Failing tests are an essential tool in software development. They are written to fail and their main purpose is to indicate that a feature or functionality in the software is not working as expected.
Failing tests are created before fixing a bug, and they help developers identify the root cause of the problem. Once the issue has been resolved, the test is expected to pass, indicating that the issue has been fixed successfully.
The process of writing a failing test is relatively simple. First, the developer writes a test that checks for the expected behavior of the code. Next, the test is run, and it is expected to fail since the code has not been written yet. Once the test has failed, the developer can then proceed to write the code that will make the test pass.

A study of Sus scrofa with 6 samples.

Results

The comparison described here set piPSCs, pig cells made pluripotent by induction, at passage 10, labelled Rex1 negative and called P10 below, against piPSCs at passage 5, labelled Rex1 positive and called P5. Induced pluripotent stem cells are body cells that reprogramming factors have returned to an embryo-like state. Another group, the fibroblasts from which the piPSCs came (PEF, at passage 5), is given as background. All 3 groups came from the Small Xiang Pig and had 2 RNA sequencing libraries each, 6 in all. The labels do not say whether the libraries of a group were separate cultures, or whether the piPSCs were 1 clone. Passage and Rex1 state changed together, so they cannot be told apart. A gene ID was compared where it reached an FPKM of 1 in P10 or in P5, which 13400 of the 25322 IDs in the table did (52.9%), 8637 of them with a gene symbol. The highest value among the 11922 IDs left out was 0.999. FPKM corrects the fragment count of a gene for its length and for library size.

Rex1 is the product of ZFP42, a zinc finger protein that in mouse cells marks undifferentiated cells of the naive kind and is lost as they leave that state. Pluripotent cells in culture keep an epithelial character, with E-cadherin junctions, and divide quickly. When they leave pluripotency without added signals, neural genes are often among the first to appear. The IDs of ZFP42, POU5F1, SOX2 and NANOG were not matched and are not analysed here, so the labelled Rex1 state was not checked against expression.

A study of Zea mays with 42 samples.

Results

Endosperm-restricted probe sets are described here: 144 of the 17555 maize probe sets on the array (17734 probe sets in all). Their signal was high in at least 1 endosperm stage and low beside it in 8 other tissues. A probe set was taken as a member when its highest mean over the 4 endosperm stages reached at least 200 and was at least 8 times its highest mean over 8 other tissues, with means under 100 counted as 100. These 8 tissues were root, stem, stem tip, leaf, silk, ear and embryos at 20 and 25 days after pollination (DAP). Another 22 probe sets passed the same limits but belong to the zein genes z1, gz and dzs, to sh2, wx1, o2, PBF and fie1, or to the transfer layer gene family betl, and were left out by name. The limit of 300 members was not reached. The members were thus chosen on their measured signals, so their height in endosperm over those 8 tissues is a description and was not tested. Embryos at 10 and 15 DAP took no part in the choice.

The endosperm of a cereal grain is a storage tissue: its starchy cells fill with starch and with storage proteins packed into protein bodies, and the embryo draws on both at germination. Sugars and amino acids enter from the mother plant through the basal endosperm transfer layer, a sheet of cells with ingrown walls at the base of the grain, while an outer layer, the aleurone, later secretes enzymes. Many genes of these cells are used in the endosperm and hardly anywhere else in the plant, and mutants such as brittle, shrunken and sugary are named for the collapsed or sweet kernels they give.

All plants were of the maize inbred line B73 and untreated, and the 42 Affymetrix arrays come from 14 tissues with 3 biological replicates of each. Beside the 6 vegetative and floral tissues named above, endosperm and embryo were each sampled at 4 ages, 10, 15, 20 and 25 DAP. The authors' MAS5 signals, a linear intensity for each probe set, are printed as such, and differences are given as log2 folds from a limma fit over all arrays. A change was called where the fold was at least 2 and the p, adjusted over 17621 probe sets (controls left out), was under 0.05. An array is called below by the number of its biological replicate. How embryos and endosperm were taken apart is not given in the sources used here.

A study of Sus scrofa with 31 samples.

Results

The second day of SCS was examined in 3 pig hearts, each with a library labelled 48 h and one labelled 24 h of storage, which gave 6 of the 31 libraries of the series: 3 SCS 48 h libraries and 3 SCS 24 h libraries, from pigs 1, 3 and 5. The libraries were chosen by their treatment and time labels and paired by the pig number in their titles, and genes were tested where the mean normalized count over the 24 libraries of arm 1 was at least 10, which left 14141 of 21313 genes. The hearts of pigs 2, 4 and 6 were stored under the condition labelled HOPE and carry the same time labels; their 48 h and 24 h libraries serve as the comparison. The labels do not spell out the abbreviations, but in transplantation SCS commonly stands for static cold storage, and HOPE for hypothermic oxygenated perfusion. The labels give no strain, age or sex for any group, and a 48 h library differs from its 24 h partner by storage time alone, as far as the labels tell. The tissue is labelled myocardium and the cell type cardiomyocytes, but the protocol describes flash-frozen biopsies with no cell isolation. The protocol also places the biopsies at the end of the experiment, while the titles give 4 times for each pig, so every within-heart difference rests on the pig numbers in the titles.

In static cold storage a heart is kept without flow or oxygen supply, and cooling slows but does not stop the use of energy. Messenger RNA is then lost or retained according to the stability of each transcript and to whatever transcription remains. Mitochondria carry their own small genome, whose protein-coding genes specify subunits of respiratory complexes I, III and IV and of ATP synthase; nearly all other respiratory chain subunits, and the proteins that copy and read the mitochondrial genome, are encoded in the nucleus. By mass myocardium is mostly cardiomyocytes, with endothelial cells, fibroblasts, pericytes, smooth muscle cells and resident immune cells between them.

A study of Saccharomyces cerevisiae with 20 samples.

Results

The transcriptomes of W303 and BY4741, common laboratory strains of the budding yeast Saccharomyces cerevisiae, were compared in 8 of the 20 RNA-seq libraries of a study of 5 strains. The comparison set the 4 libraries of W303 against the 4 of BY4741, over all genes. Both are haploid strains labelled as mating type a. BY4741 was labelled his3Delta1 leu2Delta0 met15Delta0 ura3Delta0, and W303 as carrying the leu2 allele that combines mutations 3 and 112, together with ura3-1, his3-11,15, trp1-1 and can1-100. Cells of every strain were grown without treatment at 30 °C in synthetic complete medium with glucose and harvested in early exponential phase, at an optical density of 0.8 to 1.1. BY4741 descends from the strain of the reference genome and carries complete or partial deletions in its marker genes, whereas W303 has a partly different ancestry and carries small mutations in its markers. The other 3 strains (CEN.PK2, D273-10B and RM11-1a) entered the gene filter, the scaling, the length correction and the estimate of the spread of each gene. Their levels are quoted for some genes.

For example, lets imagine we have a table of users in a web platform.
This table render three columns of information:
and, when clickin in a row must redirect to the user detail.
The prolem is when clickin in the row it is not redirecting. So, your failing test will:
- check the render of table
- can assert the column values
- can assert the row values
- and assert when clicking in the row it will redirect to the right route
Then, when running the test will fail and you will be able to fix it having a test already existing for the expect solution.
By finding a mistake/error/fail in the code and designing its failing test, it will be much faster to find the solution. Instead of trying to solve with n solutions and testing in the browser or wherever, you will have your test responsible for this, automating the process and saving time in the solution.
As a bonus that scenario will be covered for next steps and improvements in your code.